The singer-songwriter explored a new jazz sound on her 1974 album about lost love and romantic confusion.

by Marc Myers
Wall Street Journal
January 26, 2024
Original article: PDF

circa 1974. Photo: Redferns

Joni Mitchell was ready for a change in 1973. Jilted by James Taylor in 1971 in favor of Carly Simon, Ms. Mitchell began a romantic relationship with Jackson Browne in 1972 that also ended badly. After releasing "For the Roses," her follow-up album to "Blue," late that year, Ms. Mitchell spent much of 1973 working on her next album. Weary of folk's limited instrumentation, Ms. Mitchell chose to widen her music's scope with a more sophisticated sound. She decided on jazz.

In the summer of 1973, Ms. Mitchell hired the L.A. Express, a jazz-rock group of studio musicians, to back her in the studio. She had its leader, Tom Scott, who played on "For the Roses," arrange the instrumental and orchestral accompaniment. When "Court and Spark," her sixth studio album, came out 50 years ago this month, Ms. Mitchell's voice and songs were invigorated by a new jazzy backdrop tailored to her approach. Her vocals still soared majestically and delivered lyrics breathlessly, but now the L.A. Express and Mr. Scott's arrangements gave her songs a new dimension.

The record sold 500,000 copies just over a month after its release and peaked at No. 2 on Billboard's Hot 200 chart for four weeks. The single "Help Me" climbed to No. 7 and became her biggest career hit, and Ms. Mitchell and Mr. Scott shared the Grammy for Best Arrangement Accompanying a Vocalist for the song "Down to You." The LP was inducted into the Grammy Hall of Fame in 2004.

The album's songs about lust and love, flawed romantic partners, unfulfilled partygoers, disappointment and depression connected deeply with listeners. Ms. Mitchell's fearless plunge into her heartbreak and confusion influenced multiple generations of female singer-songwriters, including Stevie Nicks, Tori Amos, Alanis Morissette, Sheryl Crow, Billie Eilish and Taylor Swift.

The collaboration on the record began with Mr. Scott listening to tapes of Ms. Mitchell playing and singing the songs. Then he transcribed them for the L.A. Express to record basic rhythm tracks. "Joni and I listened and discussed her desired instrumentation," he said in a phone call in late December. "When Joni and the band recorded together, the musicians were free to react to the mood of her vocals and lyrics."

Ms. Mitchell's solo piano opens the title track, which grapples with a lost romantic suitor and her unwillingness to sacrifice her West Coast life: "And the more he talked to me, you know / The more he reached me / But I couldn't let go of L.A. / City of the fallen angels." Larry Carlton's meowing electric guitar echoes her puzzlement and regrets.

"Help Me" is still one of the most eloquent songs about rushing headlong into a one-sided relationship: "Help me, I think I'm fallin' in love with you / Are you gonna let me go there by myself? / That's such a lonely thing to do." Mr. Scott's flute and baritone sax, Mr. Carlton's guitar, Joe Sample's electric piano and the background vocals echo her sentiments with slick and brittle textures.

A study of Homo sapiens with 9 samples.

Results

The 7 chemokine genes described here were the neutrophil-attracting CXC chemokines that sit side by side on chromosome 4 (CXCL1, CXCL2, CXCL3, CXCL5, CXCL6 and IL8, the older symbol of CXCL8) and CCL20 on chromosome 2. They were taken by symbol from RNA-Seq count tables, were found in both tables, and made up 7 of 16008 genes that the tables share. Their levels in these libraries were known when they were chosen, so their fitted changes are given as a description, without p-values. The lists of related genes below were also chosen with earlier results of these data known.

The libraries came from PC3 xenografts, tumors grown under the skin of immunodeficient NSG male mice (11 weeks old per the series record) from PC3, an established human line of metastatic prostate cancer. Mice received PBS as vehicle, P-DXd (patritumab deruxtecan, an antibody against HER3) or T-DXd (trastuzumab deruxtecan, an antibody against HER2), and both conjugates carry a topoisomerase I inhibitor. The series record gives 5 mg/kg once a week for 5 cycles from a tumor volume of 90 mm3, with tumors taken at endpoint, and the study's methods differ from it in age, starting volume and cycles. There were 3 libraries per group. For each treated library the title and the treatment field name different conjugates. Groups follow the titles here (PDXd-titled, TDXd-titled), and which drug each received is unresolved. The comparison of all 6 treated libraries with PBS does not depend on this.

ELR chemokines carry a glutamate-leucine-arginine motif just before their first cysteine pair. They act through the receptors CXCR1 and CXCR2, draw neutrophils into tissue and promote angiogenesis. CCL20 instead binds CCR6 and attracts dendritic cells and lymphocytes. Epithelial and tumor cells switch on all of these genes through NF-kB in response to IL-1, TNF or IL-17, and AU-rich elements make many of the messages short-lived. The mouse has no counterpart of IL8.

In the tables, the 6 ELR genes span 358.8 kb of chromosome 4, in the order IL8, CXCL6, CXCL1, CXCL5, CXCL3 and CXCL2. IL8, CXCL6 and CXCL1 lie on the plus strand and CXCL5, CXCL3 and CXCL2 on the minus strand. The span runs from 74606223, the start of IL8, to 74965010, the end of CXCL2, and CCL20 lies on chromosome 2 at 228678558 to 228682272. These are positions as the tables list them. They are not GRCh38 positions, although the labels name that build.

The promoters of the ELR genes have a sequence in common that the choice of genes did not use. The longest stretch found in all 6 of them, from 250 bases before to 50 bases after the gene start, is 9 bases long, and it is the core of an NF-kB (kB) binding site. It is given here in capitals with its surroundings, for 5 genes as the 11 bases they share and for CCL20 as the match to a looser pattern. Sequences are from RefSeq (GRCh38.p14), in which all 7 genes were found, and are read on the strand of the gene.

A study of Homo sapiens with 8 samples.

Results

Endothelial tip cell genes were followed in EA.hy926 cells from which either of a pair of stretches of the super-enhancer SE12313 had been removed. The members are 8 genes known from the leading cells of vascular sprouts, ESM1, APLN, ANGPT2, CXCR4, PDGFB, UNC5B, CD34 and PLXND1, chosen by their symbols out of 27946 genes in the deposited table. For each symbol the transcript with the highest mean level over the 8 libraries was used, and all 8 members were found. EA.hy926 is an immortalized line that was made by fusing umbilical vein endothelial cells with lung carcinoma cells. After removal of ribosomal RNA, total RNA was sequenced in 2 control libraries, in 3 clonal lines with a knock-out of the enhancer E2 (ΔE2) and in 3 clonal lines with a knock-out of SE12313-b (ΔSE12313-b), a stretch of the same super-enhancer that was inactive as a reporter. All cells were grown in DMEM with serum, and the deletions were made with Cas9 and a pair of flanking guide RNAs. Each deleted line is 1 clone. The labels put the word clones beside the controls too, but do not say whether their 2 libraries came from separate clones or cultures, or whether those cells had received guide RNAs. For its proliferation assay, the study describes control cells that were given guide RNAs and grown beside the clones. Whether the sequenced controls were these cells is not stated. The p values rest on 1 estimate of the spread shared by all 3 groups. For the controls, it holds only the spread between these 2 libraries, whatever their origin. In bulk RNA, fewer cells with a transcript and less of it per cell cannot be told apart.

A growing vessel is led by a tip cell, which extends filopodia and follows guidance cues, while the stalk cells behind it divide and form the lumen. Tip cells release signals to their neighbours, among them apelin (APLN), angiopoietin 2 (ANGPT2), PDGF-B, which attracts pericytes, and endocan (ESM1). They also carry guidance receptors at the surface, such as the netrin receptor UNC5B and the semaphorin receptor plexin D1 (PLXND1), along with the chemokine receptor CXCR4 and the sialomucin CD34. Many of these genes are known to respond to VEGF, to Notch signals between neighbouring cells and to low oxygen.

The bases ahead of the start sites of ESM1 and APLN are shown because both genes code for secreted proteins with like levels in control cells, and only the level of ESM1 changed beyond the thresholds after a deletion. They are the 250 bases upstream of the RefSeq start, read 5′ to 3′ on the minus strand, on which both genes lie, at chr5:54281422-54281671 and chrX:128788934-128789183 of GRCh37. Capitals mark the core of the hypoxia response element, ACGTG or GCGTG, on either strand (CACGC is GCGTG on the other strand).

An early-1970s trip Ms. Mitchell took to France with her agent and friend, David Geffen, and The Band's Robbie Robertson and his wife, Dominique, was the inspiration for "Free Man in Paris." The song is sung from Mr. Geffen's perspective, liberated from work worries. David Crosby and Graham Nash join on background vocals.

"People's Parties" is an observational account of a gathering following Carole King's Central Park concert in May 1973, Mr. Scott said, where emotions ran high and low. Ms. Mitchell struggles to process the laughter and crying: "I'm just living on nerves and feelings / With a weak and a lazy mind / And coming to people's parties / Fumbling deaf, dumb and blind."

Ms. Mitchell's search for love and incomprehension over male behavior continues with "The Same Situation" and "Car on a Hill." The album's most orchestral work, "Down to You," includes Ms. Mitchell's fascinating piano chord voicings joined by Mr. Scott's whispering orchestral strings and supportive woodwinds and French horn. Here, she explores the loneliness of desire without love.

"Just Like This Train" is another gem awash in bright instrumental riffs and soft jazz. Here, Ms. Mitchell takes herself to task for boarding the metaphoric train of temptation and losing her heart. "Raised on Robbery" features Mr. Robertson on electric guitar and a wailing sax solo by Mr. Scott.

A soulful arrangement supports "Trouble Child," Ms. Mitchell's sympathetic look at women who succumb to male dominance and find they are unable to truly love. The closer, "Twisted," was a 1949 solo by tenor saxophonist Wardell Gray with lyrics added by Annie Ross in 1952 that push back on psychoanalysts who think eccentric, emotional women are nuts.

"Court and Spark" is a wondrous journey through the lovelorn life of an exceptional singer-songwriter. The album is richer for Mr. Scott's sensitive arrangements and the L.A. Express's empathetic touches.